How Do I Know if My Case Needs a Cyber Lawyer?
Since cyber law is relatively new, there’s still a lot that is unclear about its essence and when it is relevant. For example, one of the biggest issues still under argument is what kind of jurisdiction countries and federal courts have over crimes and misdeeds committed on the internet, and what are the limits of that jurisdiction. Let’s try to investigate the term cyber law, in order to understand when taking a case to court is possible and recommended – and when it isn’t.
Just like in the ‘offline’ justice system, you can turn to cyber law when you feel something has been stolen from you. We’re not talking about physical property, of course, but rather what is considered intellectual property. This is a broad term, but in general it means anything that you have created and can be seen or heard online.
This can be a simple written passage, a song you have recorded, an idea or formula that you’ve shared on one of your social media pages, and so on. For example, if you’ve written a poem and shared it on a literary website and someone copies it without giving you credit – they are probably breaking the law. It’s easy to track down this kind of intellectual property theft because everything that is online can be searched. Google can find almost anything, and for more sophisticated searches relating to plagiarism, websites like Copyscape exist.
The harder part is to prove that your intellectual property has been stolen. It’s not always clear who the true owner of a text online is, let alone the difficulty in proving who put it there first. Also, there is a lot of uncertainty whether your intellectual property can be reused for free if you placed it on the World Wide Web, as long as it is credited, or if a payment is mandatory. This is where a cyber lawyer can come in handy, since previous rulings have left a substantial gray area that can be argued in favor of both sides.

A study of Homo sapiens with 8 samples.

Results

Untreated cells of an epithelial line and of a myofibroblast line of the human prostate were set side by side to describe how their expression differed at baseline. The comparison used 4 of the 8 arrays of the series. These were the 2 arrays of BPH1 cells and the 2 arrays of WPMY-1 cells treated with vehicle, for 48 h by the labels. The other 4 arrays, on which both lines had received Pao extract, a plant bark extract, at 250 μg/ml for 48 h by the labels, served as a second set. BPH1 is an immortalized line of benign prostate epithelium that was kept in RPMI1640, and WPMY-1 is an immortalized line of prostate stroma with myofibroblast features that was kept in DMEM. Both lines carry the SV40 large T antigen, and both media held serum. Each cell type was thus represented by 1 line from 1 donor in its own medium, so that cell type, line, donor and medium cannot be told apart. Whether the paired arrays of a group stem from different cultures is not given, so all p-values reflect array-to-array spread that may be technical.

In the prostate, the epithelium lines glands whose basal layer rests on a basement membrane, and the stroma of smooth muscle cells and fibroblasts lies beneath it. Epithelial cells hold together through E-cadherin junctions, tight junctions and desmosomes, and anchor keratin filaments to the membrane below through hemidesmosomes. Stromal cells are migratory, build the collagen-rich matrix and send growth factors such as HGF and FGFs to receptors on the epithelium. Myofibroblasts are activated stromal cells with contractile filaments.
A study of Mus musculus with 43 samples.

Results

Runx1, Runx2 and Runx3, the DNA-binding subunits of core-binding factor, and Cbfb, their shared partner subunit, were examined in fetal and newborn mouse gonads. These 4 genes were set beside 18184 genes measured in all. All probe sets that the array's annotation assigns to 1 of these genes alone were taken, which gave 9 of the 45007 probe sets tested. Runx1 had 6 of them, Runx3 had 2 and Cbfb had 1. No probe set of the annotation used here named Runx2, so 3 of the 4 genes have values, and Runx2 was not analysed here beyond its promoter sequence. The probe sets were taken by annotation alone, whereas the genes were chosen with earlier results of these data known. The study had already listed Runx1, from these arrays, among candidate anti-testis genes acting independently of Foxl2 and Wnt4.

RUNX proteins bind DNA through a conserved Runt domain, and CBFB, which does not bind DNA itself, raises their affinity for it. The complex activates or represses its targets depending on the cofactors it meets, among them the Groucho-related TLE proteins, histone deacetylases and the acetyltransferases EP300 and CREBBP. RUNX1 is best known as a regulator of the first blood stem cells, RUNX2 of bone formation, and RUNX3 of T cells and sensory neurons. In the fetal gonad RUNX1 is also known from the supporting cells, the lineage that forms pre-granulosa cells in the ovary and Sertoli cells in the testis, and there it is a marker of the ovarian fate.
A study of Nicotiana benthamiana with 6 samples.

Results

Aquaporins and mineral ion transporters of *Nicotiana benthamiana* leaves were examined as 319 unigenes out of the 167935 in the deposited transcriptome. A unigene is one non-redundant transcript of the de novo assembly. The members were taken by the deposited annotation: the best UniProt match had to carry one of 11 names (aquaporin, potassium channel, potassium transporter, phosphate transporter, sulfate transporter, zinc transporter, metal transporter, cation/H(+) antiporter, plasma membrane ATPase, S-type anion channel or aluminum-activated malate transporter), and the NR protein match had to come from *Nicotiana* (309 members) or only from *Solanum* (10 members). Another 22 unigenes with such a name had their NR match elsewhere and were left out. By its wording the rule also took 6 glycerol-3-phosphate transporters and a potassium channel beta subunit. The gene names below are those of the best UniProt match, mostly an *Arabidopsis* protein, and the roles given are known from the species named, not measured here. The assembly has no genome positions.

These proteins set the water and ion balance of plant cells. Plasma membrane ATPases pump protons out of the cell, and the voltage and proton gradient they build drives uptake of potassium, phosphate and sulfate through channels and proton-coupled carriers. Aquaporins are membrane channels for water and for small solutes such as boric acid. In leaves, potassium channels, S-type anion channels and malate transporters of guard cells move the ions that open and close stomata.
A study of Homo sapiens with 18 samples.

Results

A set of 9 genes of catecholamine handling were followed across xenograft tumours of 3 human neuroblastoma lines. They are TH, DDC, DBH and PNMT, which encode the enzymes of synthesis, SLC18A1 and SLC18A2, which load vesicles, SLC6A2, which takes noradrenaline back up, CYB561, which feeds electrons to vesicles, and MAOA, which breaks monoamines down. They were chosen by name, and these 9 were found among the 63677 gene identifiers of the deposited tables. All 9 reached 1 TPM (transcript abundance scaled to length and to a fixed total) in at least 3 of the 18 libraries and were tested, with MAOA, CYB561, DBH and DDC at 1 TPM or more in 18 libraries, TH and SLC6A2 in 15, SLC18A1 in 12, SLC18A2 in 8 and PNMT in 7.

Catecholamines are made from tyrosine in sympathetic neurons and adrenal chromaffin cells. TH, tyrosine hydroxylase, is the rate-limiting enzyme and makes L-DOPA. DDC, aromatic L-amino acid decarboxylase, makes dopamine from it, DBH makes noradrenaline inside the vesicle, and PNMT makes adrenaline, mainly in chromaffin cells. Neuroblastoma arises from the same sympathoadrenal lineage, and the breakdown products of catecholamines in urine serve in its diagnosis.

Now we’re talking about theft of physical property, usually money, through online sales or interactions. The most common kind is when you provide your credit card information as part of an online purchase, but the seller disappears with your money without providing what they had promised. Other common scams are phishing, trading and Bitcoin scams, account hacks, etc.
In this case, tracing down the culprit may be a lot harder, since these are professional crooks who usually know how to cover their tracks well. Cyber experts can help with that, but there is no guarantee here. If you do manage to locate the scammer, keep in mind that sometimes these are established organizations with an army of lawyers, so taking them to court may require gearing up with your own cyber lawyer as well.
Today, however, there are some companies which provide an inclusive package against online theft and takes care of the whole process. These companies usually have both the tech experts to find the villain and the legal experts to bring them to justice. While this may cost a pretty penny and a full refund is not guaranteed, it may be an option worth considering.
If you think that the virtual sphere is a place where you can express yourself without limitations, we have some bad news for you. Even online, there are censorship laws, usually put in place by governments and official international bodies – and not only in authoritarian countries. However, that does not mean you don’t have the right to take legal action when you feel your freedom of speech has been taken from you.
This is where things get complex, though. Since the country sets the rules, it may be harder to argue against it in court – harder, but not impossible. Sometimes censorship decisions that are made contradict the law, whether by accident or intentionally. That’s when you can plead in front of a judge, but keep in mind that your chances are quite low, so the hassle and price may not be worth it for your freedom of speech alone.